In the front pew of the church Mary Brokenworth stands trying to suppress a smile as the coffin containing the body of her late husband Charlie is wheeled down the aisle at the start of the final lap of its journey to the graveyard. A quiet piece from Bach reverentially played on the church organ by a student from the nearby university now competes with a loud squeak coming from a wheel of the coffin trolley.
“Charlie hated churches. He would have enjoyed that,” she hears one his golfing chums chuckling.”
Almost imperceptibly Mary nods.So he would, she thinks. So he would.
“Straight into the ground with me, d’you understand?” he had wheezed on his hospital deathbed. “Sprinkle a nice malt whisky over the grave if you must do something spiritual but no, repeat no …” He paused gathering the remnants of his strength. “None of your churchy nonsense, hymns and prayers and all that.”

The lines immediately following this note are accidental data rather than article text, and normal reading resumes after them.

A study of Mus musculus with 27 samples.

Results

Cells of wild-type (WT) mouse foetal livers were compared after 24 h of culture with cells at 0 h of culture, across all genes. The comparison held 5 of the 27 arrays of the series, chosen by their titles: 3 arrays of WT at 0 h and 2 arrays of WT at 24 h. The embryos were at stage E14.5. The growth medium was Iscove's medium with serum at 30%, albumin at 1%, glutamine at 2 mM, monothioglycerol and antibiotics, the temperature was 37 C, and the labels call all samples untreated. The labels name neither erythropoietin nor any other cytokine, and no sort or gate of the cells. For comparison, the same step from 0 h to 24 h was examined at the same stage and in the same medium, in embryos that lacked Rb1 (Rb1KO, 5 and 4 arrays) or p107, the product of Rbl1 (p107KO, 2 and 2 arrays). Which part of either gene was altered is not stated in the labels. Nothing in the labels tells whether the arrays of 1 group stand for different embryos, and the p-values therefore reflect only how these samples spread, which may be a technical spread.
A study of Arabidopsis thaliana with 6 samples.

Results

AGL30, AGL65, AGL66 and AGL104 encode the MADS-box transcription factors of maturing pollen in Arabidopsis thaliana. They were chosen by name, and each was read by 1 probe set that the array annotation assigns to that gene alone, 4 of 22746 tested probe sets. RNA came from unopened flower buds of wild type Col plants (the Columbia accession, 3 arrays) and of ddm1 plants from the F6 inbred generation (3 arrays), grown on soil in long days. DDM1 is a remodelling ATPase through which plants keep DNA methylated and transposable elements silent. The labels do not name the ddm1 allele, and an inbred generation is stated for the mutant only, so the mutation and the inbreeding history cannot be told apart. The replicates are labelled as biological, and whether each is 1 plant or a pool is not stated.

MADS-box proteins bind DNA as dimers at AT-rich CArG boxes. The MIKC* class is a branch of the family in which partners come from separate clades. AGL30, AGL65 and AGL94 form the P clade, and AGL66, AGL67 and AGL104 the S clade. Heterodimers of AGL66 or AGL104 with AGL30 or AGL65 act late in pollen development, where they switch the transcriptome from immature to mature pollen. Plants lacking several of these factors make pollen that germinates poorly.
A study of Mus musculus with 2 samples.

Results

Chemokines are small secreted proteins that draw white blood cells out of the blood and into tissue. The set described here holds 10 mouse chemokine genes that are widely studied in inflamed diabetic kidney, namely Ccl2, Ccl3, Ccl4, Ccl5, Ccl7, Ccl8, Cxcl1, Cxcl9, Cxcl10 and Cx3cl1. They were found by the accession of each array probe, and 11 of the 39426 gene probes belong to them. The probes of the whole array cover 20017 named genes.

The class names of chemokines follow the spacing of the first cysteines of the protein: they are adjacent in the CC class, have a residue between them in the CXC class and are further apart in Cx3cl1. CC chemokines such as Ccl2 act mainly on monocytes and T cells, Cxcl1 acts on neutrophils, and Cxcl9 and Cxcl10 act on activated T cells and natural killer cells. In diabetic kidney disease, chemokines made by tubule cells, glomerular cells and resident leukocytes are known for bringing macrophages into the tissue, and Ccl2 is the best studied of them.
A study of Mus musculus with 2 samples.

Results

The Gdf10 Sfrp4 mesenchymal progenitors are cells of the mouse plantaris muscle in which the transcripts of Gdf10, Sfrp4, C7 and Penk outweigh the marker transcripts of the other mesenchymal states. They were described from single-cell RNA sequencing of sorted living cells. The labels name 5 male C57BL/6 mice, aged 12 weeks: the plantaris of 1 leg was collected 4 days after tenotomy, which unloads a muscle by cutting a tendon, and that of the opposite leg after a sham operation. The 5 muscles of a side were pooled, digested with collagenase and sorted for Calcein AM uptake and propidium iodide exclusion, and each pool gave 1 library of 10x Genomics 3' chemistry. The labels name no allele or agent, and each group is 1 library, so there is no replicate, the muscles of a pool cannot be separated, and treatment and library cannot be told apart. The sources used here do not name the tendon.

I’ll do with your body exactly – exactly – what I like, she thought, exiting the ward. And you dear husband will be in no position to object.
“Defying Charlie’s last wishes, that’s important for you, a boundary marker of sorts,” said an insightful and sympathetic friend, with whom she had shared the endless difficulties of living with an increasingly grumpy husband.”
For a childish moment Mary hopes that the squeak is Charlie’s doing, a final angry protest by a ghostly remnant of Charlie. “How dare you, how dare you?”, she imagines him raging into the ether. Do they have anger management classes for departed souls? she wonders?
In the evening after the burial, after the reception, Mary departs alone for the graveyard. As she expects the grave has been filled in, the turf replaced. From a shopping bag she retrieves a bottle of fine malt, heavily peated, Islay whisky, Charlie’s favourite brand. She removes the cork and slowly dribbles the content over the grave.
“This is for you, Charlie,” she murmurs. “Rest in peace,” she pauses, then adds with a smile, ” – if you can.”
Author is an old chap living in St Andrews Scotland. Keen to explore themes of limits and longings through flash fiction.